Lawmakers are holding off on introducing legislation that would repeal the Defense of Marriage Act until after the Supreme Court rules on the anti-gay law, according to multiple sources familiar with the bill, as one Republican LGBT organization expects Sen. Rob Portman (R-Ohio) to sign on as a co-sponsor.
A number of LGBT advocates familiar with the legislation, which has been known as the Respect for Marriage Act, told the Washington Blade its lead sponsors — Rep. Jerrold Nadler (D-N.Y.) in the House and Sen. Dianne Feinstein (D-Calif.) in the Senate — are delaying introduction until after the expected court ruling in June.
Fred Sainz, HRC’s vice president of communications, said his organization supports the decision to postpone introduction of the bill until after a decision is reached in the DOMA case, known as Windsor v. United States.
“The lead sponsors of the RMA have decided to wait until after the court rules in Windsor,” Sainz said. “We support that decision and look forward to continuing to work with them to advance this important legislation.”
Ian Thompson, legislative representative for the ACLU, said his organization, which filed the lawsuit against DOMA, has a similar understanding that the lead sponsors won’t introduce the Respect for Marriage Act until the Supreme Court rules on plaintiff Edith Windsor’s challenge.
“The ACLU understands and respects that decision, and is committed to continuing to work with our sponsors in Congress and coalition partners to advance the Respect for Marriage Act and a full repeal of DOMA to ensure that the federal government recognizes and respects the marriages of same-sex couples across the nation,” Thompson said.
Still, the lawmakers are staying mum. Ilan Kayatsky, a Nadler spokesperson, said he had “no news to report yet” on the timing for the introduction of the DOMA repeal bill, and Feinstein’s office declined to comment.
In the event that the Supreme Court decides to uphold DOMA, the Respect for Marriage Act would be the next approach to lifting the 1996 anti-gay law, which prohibits federal recognition of same-sex marriage. Moreover, as previously reported by the Blade, legislation still may be necessary if DOMA is overturned to clear up lingering inequities for married same-sex couples, such as in situations where they move from one state that recognizes their union to another that doesn’t.
Previous versions of the bill had a “certainty provision” spelling out that federal benefits would continue to flow to married gay couples — even if they live in a state that doesn’t recognize same-sex marriage.
David Codell, legal director at the Williams Institute of the University of California, Los Angeles, explained that the Respect for Marriage Act “would serve important purposes” even if the Supreme Court were to strike down the ban on federal recognition of same-sex marriage.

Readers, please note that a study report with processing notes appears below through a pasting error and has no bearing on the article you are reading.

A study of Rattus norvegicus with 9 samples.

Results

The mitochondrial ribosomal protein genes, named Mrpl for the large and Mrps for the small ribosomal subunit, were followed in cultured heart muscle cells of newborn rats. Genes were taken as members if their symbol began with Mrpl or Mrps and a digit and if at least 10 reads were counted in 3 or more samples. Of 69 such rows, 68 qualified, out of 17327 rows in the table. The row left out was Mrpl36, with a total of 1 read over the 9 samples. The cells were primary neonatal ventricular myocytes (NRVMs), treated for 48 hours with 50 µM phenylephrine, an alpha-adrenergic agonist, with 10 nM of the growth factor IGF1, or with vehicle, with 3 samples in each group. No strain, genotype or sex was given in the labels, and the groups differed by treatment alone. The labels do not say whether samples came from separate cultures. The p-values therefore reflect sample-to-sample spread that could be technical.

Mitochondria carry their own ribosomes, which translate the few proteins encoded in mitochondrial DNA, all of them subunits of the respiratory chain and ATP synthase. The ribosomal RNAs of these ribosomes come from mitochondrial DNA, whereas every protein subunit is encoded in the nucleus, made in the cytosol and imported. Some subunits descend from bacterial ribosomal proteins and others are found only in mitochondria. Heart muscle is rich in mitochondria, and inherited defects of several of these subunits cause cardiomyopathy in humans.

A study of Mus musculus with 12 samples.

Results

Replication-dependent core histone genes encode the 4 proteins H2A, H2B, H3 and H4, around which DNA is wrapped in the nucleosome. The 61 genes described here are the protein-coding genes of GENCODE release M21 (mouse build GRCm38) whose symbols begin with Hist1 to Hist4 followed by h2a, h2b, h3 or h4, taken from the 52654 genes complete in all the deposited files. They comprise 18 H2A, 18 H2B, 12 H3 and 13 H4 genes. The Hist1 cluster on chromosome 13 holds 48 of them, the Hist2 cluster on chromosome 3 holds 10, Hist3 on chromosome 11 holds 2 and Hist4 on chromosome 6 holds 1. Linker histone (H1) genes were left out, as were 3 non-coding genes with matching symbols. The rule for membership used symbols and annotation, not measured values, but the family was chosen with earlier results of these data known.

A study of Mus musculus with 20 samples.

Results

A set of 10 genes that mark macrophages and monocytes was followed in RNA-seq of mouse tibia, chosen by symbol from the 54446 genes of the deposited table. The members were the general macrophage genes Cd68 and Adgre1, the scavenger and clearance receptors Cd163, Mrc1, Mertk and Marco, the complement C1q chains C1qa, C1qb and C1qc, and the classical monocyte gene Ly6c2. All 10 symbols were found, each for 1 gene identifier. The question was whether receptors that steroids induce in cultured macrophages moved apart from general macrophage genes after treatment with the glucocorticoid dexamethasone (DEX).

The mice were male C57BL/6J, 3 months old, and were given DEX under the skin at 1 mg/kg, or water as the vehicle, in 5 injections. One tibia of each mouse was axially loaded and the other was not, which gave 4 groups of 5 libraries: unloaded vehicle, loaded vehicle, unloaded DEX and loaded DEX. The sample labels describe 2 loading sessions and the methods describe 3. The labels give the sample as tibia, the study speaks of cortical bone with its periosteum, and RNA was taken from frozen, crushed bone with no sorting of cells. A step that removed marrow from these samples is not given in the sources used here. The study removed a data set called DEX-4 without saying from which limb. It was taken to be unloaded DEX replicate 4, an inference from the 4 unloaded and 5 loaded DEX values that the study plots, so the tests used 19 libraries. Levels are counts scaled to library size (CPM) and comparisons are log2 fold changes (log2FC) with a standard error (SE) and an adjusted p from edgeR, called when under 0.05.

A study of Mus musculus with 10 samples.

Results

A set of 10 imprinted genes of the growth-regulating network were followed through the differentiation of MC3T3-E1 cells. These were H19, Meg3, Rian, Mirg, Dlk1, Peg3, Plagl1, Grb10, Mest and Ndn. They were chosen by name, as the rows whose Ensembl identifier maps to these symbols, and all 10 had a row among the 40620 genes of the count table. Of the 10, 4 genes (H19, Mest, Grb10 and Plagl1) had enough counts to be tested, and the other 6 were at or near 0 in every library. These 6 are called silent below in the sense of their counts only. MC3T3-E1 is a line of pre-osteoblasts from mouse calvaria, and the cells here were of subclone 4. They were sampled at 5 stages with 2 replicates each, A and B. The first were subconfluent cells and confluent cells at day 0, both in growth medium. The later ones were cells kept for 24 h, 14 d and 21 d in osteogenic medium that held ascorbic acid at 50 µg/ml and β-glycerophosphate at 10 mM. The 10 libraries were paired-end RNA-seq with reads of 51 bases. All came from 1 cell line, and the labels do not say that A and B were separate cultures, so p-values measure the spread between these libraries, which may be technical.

“The Respect for Marriage Act would make clear that the federal government would treat as valid for federal purposes all marriages of same-sex couples in the United States if the marriages were valid where entered — regardless of whether a couple currently lives in a state that permits same-sex couples to marry or recognizes such marriages,” Codell said. “The Act would mean that a validly married same-sex couple could move anywhere in the country without losing federal benefits tied to marriage.”
As they await introduction of a bill, LGBT advocates say they’re continuing to work to bring on additional co-sponsors for the bill, which closed the 112th Congress with 161 co-sponsors in the House and 32 co-sponsors in the Senate. That effort was highlighted by Evan Wolfson, president of Freedom to Marry.
“Freedom to Marry’s focus right now is on continuing to add co-sponsors as we prepare to introduce the bill with the strongest momentum possible when ready to move forward,” Wolfson said.
While the House bill had Republican co-sponsors in the 112th Congress — Rep. Ileana Ros-Lehtinen (R-Fla.), Rep. Richard Hanna (D-N.Y.) and former Rep. Charlie Bass (R-N.H.) — the Senate version of the bill has never had GOP support. Even Sen. Susan Collins (R-Maine), who’s considered an LGBT advocate and champion of “Don’t Ask, Don’t Tell” repeal, wasn’t a co-sponsor.
But the Log Cabin Republicans say that will change. Gregory Angelo, the organization’s executive director, said he expects Portman — who came out in favor of marriage equality after he learned his son is gay — to be among the sponsors of the DOMA repeal.
“Congresswoman Ileana Ros-Lehtinen and Congressman Richard Hanna were Republican co-sponsors in the 112th Congress, and we have every expectation they will continue as co-sponsors when the bill is reintroduced,” Angelo said. “Given his recent evolution on marriage equality, we expect Republican Senator Portman to be a co-sponsor in the Senate.”
Angelo later clarified that he’s had no assurances from Portman that he’ll be a sponsor, but was basing his assessment on the senator’s past statements in favor of same-sex marriage.
Portman’s office didn’t respond to a request for comment on whether he’ll sign on as co-sponsor to the Respect for Marriage Act. According to a Cleveland Plain Dealer article at the time Portman came out for marriage equality, Portman told reporters he believes legally married gay couples should receive the federal benefits of marriage, but the report doesn’t quote him as saying he’ll sign on as a sponsor to DOMA repeal legislation per se.